A judge has rejected a request from campaigners for a judicial review of permission for a development which will see homes built on the Old Tidemill Wildlife Garden.

This comes after a long dispute between residents, campaigners and the council over development plans submitted by Peabody, with campaigners occupying the council-owned garden in Deptford since August 29.

The garden is part of regeneration plans which includes the demolition of 16 council homes at Reginald House and the Old Tidemill Wildlife Garden to make way for a 209-home development, 117 of which will be let at “genuinely affordable” rates.

Save Tidemill Save Reginald campaigners made a case at the Royal Courts of Justice for a judicial review into the council’s decision to grant planning permission to Peabody on the grounds the plans did not meet ‘right to light’ guidelines for neighbouring Frankham House.

Cabinet member for housing, Paul Bell, welcomed the decision, and said the development would significantly increase the number of social homes on the site.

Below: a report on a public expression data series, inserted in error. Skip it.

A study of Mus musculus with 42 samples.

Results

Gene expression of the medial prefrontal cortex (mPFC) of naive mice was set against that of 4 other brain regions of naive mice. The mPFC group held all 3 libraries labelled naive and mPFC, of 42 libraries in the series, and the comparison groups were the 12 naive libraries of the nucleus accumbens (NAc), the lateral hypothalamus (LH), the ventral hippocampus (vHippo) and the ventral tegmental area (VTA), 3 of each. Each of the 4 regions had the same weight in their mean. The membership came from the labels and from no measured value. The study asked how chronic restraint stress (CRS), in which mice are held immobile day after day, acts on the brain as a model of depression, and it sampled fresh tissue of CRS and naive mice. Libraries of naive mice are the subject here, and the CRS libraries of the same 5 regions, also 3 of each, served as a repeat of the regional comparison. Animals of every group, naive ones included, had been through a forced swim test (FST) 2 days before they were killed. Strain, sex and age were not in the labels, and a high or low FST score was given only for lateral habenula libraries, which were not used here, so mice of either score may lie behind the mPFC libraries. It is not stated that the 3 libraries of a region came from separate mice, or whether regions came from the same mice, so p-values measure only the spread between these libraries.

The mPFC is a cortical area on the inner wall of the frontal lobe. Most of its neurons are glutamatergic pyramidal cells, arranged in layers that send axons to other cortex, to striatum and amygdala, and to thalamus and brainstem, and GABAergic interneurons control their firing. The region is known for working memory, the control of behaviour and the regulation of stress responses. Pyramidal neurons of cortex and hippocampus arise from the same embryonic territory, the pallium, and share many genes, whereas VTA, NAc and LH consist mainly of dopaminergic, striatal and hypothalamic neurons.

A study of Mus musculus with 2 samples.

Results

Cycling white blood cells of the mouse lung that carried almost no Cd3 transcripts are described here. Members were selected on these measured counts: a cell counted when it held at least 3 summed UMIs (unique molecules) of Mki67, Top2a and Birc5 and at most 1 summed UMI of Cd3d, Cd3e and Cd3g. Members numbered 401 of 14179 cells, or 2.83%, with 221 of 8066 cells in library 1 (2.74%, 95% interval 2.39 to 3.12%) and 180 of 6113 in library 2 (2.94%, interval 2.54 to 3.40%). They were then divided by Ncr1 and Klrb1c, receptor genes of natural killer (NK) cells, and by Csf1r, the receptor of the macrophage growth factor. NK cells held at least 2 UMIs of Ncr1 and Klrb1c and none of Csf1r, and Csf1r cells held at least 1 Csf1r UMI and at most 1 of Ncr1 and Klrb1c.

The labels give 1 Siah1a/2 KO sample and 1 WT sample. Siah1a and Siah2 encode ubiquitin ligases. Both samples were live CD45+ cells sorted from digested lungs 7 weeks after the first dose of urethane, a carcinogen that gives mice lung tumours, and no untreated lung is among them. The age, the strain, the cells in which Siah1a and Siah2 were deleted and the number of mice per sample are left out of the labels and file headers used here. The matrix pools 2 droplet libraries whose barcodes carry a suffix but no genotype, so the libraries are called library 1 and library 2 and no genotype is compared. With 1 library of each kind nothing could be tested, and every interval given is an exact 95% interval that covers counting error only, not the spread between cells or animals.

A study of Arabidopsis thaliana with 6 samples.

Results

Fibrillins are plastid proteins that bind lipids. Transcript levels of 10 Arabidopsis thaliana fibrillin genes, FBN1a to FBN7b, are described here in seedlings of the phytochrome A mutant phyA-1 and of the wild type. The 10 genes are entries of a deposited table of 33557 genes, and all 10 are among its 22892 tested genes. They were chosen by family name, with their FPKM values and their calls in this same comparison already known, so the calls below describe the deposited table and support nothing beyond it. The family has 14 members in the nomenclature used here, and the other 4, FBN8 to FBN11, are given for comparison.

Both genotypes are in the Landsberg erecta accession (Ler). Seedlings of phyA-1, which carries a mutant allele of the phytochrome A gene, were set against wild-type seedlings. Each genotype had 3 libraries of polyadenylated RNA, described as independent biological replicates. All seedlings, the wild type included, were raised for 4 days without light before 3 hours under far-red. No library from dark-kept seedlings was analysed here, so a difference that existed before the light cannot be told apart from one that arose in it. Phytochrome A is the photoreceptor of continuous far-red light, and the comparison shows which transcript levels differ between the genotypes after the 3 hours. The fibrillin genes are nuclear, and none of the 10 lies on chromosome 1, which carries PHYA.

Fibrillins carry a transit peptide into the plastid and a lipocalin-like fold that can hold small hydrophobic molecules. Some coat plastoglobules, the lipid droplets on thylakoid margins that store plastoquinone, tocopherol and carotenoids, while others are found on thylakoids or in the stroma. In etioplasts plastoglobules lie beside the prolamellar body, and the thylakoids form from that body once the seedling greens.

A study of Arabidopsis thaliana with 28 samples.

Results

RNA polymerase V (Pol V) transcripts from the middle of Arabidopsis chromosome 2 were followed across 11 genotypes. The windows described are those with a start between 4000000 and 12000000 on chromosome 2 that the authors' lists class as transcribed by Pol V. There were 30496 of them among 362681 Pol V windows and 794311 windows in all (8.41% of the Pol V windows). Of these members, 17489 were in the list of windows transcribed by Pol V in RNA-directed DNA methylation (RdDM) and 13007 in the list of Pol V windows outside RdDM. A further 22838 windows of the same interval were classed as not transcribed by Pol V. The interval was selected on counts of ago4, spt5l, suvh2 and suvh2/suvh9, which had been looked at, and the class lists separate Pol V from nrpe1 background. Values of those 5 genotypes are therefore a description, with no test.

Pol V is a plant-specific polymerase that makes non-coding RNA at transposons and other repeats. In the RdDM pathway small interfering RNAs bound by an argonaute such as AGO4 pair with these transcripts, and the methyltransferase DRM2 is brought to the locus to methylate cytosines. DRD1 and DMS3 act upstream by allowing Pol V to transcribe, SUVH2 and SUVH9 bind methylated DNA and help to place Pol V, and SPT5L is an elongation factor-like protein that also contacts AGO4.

“We have been very clear all along about our commitment to provide much-needed homes for local people and this development is a key part of that.

“We are very keen to move forward as the longer the delay to the scheme, the longer the wait for those on the housing list,” he said.

Lewisham Council was granted a repossession order of the garden last month, with repossession expected to take place on Wednesday.

Campaigners are preparing to appeal the decision, they said.

In a statement, their solicitor Richard Buxton said the decision was “a real blow for the use of the guidelines which are used by planning authorities throughout the country in relation to daylight, sunlight and overshadowing issues.”